Surviving Breast Cancer


This life-altering experience has given Overton a new appreciation for life.

By Erin Curran, Public Affairs Specialist
Monday, October 5, 2015

"They said there was a one percent chance it was cancer," said U.S. Air Force Veteran and VA Employee Lutricia "Treeka" Overton.

On June 22, 2007 at the young age of 32, Overton was diagnosed with breast cancer.

During a gathering at a friend's home in April 2007 she felt a sharp pain in her right breast. Her Florida-based physician treated her for what was thought to be a cyst the small size of pea. However, in just three months the lump grew from the size of a pea to the size of a golf ball.

"I have no family history of breast cancer, and I was so young. The doctor was not thinking that it could be cancer," said Overton. After Overton's medical team saw how rapidly the lump was growing they scheduled her for an ultra sound in June 2007. That ultra sound led to a lumpectomy at the end of that month.

"I woke up to my husband standing at the foot of my hospital bed in tears," said Overton. "They had already told him it was cancer. I couldn't believe it. I had cancer."

In September 2007 Overton started on four months of chemo, followed by 35 days of radiation.

At each appointment Overton brought her journal to record what her doctor told her and jotted down questions she had for her medical team. She was later told her that this attention to detail and close involvement with her own care could have been one of the reasons she beat cancer.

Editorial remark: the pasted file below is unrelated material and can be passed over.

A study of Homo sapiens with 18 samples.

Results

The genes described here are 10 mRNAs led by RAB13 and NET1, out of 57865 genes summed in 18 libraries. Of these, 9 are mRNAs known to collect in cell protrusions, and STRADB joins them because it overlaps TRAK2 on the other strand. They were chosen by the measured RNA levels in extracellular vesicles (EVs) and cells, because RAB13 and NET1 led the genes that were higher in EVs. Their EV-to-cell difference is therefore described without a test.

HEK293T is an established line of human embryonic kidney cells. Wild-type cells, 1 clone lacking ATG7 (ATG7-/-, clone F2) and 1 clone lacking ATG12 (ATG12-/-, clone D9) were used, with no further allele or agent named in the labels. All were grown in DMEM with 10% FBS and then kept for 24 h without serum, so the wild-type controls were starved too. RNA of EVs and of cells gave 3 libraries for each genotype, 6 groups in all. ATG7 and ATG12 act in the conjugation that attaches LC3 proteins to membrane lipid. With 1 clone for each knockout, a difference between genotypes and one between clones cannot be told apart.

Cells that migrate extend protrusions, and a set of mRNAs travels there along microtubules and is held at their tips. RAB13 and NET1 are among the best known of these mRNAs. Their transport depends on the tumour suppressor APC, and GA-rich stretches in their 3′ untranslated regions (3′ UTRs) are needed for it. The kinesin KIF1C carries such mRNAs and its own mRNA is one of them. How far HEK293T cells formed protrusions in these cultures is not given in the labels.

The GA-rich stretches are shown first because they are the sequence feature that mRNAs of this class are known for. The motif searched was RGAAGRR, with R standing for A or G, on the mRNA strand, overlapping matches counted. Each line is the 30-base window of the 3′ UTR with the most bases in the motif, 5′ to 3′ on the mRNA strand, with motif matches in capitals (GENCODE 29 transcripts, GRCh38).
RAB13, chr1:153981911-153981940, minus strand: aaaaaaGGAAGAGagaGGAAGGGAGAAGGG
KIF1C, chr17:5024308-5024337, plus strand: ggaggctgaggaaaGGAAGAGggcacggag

Just last month, on September 23, 2015, Overton celebrated eight years of being cancer free! "I live in fear every time I go to the doctor," said Overton. "So getting to my eight year anniversary is exciting and something worth celebrating!"

This life-altering experience has given Overton a new appreciation for life. She is enjoying spending time with her two daughters and helping out fellow Veterans at the Ralph H. Johnson VA Medical Center. Overton is a patient advocate at the Charleston VAMC. In this position she helps Veterans and their families navigate the healthcare system, synchronize appointments, and address any of their concerns along the way. She is committed to assisting Veterans with timely and compassionate care.

"My experience has given me great empathy for my fellow Veterans who are going through tough medical issues. It makes me want to go above and beyond to help them because I've been there, I know what it's like, and I understand the difficulties both the Veteran and family can face. I am committed to helping them find every resource the VA offers," said Overton.

Overton looks forward to reaching her 10 year cancer free mark. At that milestone she will no longer require close monitoring by an oncologist, she will have routine yearly mammograms, similar to the health care screening recommendations for all women.